I was recently asked why I chose to be a teacher. And it caused me to reflect... because it wasn't so much a choice. Life has a way of directing you to where you are supposed to be. Turns out I was supposed to teach writing.
I was living in Astoria, Queens. New York City, recently married and stuck in a dead-end job to support a writing career that hadn't happened yet.
A sad sack friend, who was always depressed and lamenting his lifestyle and his job, one that he was very good at and afforded him a lifestyle many would envy. I asked him, if he could do anything, income not being an issue, what would that be?
Being a sad sack he didn't know. So, he bounced the question back to me.
"Teach. I'd like to teach," I said.
The New York City Teaching Fellows was in its early years, still. They recruited people from all walks of life. The New York City teaching Fellows Program offered someone like me a deal: the city would provide me with a Masters Degree in Education and a career placement. All I had to do was teach in failing schools, hardest to staff districts, and the worst neighborhoods in the city.
I.S. 218 stood at the corner of Broadway and Nagle Streets, just south of Dyckman, and steps away from the 190th street stop on the A train. It was down the hill from Fort Tryon park to the West and Fort George to the east. I.S. 218 was in a gulch. Cars were double and sometimes triple parked. Musc blared out of shops and apartment windows. People shouted greetings to each other on the street.
New York City had been my home for years. The East Village, the West Village, Upper East Side. I had lived in Park Slope, Alphabet City and most recently, Astoria, but Washington Heights was a foreign land to me.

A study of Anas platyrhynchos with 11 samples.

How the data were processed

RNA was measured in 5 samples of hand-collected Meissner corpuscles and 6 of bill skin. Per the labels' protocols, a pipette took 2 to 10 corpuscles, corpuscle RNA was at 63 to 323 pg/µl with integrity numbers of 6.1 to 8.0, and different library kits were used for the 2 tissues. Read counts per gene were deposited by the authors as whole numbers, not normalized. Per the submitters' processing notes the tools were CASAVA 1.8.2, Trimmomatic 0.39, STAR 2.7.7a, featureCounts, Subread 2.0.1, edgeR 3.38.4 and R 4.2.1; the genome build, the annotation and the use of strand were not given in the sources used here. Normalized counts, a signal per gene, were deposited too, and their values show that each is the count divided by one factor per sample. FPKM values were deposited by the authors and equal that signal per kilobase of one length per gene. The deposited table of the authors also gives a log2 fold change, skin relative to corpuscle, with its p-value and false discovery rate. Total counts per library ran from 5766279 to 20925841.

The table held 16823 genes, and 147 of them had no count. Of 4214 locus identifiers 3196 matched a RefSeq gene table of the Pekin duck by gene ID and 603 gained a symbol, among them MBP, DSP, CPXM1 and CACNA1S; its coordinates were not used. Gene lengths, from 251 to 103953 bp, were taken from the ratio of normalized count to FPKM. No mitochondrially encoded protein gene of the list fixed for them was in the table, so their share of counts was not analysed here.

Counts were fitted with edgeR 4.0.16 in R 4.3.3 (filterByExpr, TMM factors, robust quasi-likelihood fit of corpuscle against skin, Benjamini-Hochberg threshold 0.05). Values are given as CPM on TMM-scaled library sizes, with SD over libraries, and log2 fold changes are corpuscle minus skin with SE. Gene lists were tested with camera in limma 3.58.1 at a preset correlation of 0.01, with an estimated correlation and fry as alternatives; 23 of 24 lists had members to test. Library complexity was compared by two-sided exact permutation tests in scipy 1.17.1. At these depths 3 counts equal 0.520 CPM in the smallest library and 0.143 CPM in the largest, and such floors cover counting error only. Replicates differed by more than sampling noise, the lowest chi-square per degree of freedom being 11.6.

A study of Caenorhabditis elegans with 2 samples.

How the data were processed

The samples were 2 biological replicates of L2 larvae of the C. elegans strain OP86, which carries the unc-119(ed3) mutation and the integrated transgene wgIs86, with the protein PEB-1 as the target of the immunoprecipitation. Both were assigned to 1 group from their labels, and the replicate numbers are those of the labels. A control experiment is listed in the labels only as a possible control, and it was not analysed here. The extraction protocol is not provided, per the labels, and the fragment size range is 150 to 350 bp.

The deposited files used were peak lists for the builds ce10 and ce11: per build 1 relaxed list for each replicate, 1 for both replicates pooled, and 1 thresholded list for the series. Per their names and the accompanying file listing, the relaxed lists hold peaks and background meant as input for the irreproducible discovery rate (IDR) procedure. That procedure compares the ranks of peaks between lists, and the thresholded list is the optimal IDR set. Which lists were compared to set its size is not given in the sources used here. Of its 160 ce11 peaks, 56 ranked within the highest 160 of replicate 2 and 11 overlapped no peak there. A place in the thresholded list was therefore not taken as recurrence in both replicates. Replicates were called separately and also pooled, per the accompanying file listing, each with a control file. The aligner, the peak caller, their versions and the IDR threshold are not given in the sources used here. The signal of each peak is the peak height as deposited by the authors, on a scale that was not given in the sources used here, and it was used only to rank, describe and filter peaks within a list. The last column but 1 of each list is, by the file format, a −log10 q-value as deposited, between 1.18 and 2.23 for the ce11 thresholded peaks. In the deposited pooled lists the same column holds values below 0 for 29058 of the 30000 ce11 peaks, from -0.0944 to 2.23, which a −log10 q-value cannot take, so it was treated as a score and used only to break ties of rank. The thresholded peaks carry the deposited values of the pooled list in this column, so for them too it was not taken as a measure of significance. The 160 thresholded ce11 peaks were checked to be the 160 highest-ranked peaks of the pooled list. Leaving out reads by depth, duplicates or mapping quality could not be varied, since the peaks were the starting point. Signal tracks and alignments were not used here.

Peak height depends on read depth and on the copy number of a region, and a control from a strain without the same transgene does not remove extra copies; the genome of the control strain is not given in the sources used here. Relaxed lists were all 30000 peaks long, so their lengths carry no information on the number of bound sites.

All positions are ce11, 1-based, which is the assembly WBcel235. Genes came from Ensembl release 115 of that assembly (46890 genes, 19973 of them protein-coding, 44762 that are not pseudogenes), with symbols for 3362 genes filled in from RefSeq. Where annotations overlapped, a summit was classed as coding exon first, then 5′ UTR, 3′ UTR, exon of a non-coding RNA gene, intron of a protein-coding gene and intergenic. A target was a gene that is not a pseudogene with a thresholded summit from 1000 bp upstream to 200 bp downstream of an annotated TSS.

The students at I.S.218 were mostly Dominican and African American. Some were Puerto-Rican and some Cuban. The staff reflected the same demographic.
I was raised in an upper-middle class family in Toronto. We had privilege. I went to private school. Went snow-skiing every winter weekend, spent my summers at camps and lakes. My parents hired housekeepers and nannies. Someone else made my bed every day. When and if I worked it was because I wanted to, not because I had to.
I spent the first few months watching amazing teachers motivate these kids. They were pros - confident, strict, intelligent, organized. They did not play, and the kids knew it. Those kids who decided to test these teachers found out quickly who was in charge.
I had none of these qualities. What I did know was how to write. And as it turns out, I knew how to spot writing talent in others.
When notice of a city-wide playwriting contest came to my attention, I invited a handful of students to join a playwriting class. We walked through the how-to's of writing a play. I taught them what had been taught to me:
"Write from your own back yard; write what you know. Know what your characters want, why they want it and what they're willing to do to get it."
These kids wrote about their lives - parents and relatives in jail, one parent at home, often a father with another family down the block. They wrote about growing up without and making do. They wrote about being kids and having fun the way they knew how. They wrote about their plans to get out to a better life for themselves and their kids. They wrote from their heart.
16 students wrote 10 scripts together. We mailed the scripts off to the Playwriting Competition which was held by a well-known New York City theatre. The kids went back to their classes and their live and we waited.
About a month later, the results came in: 8 of the students won awards for their plays. They won over countless other New York City student playwrights. We travelled to the mid-town theatre for the awards ceremony and readings of the winning plays. Some of these kids had never seen the inside of a theatre - and here they were, winning for writing a play. It was nothing less than miraculous.
I knew then that, as much as I loved writing, teaching was a calling. The smiles on those kids faces was the proof. The children showed me why I need to teach.
Hi. My name is Stephen Tesher. I am a writer and an educator. Most importantly, I am a father. I've authored three books, staged numerous plays and written screenplays, articles, and this blog.